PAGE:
Test Driven Development – Clean Code Video
- Design and Code rots lead to fragile, rigit and in-mobile code base. Debugging becomes difficult, estimates mount and implementing any new changes becomes difficult. Uncertainity in the code increases.
- Maintaining a test suite with a high code coverage has below benefits
1. Keeps defects under control
2. Gives us the courage to change the code in order to clean it
3. Unit tests act as code examples for your API. They are low level design documents. For e.g. The test cases helps us to know all the possible ways to call a particular API.
4. Writing tests first, makes the production code testable. To write unit tests you would have to make your functions decoupled from each other. This leads to an improved design.
- TDD is a discipline and has a set of rules. Below are the three important rules
1. Don’t write any production code until you have written a failing unit test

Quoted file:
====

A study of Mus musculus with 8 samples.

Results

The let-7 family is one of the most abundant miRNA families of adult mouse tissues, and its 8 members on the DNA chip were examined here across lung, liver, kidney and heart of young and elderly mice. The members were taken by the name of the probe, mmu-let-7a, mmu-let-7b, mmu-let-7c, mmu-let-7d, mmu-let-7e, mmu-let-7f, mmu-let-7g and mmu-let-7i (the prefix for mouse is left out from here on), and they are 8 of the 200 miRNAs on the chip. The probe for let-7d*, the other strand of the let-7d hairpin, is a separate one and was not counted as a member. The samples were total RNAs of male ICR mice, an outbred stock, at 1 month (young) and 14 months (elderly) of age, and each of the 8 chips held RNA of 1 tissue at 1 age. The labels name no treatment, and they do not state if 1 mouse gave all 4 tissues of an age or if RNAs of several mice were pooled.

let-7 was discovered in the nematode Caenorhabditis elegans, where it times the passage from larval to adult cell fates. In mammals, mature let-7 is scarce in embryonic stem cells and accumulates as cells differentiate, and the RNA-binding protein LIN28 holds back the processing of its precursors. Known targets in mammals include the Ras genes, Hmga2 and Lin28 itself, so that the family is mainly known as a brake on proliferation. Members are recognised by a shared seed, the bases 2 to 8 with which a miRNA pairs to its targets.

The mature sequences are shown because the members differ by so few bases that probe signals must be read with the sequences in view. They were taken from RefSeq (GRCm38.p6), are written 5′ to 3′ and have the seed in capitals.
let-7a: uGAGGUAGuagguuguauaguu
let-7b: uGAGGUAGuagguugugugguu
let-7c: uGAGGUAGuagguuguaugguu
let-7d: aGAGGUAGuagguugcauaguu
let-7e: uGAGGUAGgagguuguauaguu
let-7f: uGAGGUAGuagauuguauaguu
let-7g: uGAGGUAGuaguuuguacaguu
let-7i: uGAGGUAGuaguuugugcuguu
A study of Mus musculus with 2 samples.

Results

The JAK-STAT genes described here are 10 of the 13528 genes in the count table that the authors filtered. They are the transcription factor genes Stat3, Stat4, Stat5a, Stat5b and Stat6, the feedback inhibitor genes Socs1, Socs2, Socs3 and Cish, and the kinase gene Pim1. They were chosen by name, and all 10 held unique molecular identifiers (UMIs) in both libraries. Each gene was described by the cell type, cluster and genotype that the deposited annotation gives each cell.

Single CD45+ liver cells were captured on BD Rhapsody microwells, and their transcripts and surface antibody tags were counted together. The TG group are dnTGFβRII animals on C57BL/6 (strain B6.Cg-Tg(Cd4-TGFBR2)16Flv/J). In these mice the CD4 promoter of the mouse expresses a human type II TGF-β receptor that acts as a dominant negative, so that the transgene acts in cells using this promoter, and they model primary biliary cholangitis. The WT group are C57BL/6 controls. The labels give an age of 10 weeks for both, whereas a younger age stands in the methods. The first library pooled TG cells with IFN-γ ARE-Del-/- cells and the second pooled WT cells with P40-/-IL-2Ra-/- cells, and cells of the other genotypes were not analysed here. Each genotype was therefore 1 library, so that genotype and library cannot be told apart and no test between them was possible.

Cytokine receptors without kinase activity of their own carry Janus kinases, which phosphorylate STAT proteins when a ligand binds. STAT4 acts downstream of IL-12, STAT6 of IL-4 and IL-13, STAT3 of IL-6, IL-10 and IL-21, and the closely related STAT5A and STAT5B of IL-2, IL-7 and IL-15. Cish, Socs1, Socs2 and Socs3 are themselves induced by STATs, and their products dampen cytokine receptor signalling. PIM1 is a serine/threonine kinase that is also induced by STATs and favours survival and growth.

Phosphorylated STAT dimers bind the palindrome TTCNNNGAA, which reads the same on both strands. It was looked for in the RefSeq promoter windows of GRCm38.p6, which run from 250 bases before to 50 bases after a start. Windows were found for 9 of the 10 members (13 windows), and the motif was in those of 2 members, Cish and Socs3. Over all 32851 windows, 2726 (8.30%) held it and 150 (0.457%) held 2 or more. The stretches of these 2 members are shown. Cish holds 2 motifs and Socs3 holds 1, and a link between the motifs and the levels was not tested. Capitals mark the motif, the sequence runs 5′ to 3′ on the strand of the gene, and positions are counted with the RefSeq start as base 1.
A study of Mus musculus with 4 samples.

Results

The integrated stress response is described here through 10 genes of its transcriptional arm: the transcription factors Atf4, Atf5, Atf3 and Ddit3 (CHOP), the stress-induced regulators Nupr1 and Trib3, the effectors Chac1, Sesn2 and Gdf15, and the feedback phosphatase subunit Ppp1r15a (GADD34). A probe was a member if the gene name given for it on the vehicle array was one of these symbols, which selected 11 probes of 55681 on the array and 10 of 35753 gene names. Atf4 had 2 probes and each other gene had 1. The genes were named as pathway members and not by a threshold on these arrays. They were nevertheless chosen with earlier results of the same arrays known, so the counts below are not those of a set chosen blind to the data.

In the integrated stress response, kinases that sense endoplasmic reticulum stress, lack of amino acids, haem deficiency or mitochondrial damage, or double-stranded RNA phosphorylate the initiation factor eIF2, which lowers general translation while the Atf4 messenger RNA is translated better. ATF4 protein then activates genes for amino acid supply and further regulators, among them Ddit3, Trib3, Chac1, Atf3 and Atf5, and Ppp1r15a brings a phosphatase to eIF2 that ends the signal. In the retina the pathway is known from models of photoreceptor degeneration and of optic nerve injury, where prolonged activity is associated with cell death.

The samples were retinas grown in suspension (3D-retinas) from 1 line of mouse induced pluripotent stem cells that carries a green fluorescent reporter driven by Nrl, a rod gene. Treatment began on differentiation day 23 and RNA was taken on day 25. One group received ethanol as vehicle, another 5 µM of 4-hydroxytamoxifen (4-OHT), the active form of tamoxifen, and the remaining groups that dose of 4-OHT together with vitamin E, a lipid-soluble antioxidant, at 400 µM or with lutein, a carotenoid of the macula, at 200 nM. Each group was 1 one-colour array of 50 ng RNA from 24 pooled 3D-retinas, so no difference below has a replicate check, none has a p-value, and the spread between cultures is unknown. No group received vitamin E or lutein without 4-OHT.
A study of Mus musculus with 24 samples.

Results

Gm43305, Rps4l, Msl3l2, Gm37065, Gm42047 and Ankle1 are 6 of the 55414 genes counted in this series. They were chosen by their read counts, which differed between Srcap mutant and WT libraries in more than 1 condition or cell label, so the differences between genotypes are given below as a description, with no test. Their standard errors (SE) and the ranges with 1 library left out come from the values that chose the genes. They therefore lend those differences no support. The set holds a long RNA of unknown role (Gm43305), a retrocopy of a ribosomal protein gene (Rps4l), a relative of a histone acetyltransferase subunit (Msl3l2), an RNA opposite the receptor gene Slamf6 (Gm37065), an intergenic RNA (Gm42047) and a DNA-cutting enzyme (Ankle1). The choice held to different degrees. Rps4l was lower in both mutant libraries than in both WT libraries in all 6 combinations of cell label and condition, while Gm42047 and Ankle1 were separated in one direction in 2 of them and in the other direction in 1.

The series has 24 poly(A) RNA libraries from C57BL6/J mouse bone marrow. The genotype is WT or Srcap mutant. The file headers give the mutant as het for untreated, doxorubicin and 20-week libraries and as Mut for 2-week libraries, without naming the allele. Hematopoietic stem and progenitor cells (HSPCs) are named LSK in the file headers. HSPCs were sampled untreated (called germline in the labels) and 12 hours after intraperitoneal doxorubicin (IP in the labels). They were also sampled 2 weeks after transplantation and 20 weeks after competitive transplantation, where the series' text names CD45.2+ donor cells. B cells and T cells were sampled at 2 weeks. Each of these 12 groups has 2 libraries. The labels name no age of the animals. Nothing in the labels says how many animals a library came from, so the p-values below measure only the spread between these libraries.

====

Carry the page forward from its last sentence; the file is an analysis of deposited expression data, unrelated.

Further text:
2. Stop writing any more unit tests than the ones which are sufficient to fail. Not compiling code is failing.
3. Don’t write more production code than is sufficient to pass the current failing test.
These three laws suggests that we should be constantly switching between production code and junits. Add a failing junit, add code to pass that junit, and then add another failing junit and so on.
Following these three laws of TDD could reduce down the debugging time by a factor of 2.
- Its important to trust your test suite and this trust will come only when the above three laws of TDD are always followed. Writing tests after completing the code is not only boring but ends up in being just a procedural milestone because you already know that the code works since you have tested it manually . The developer takes shortcuts at such times and hence leads to a low code coverage with the junits and less trust.
Posted on October 27, 2011, in clean-code, tdd and tagged junit. Bookmark the permalink. Leave a comment.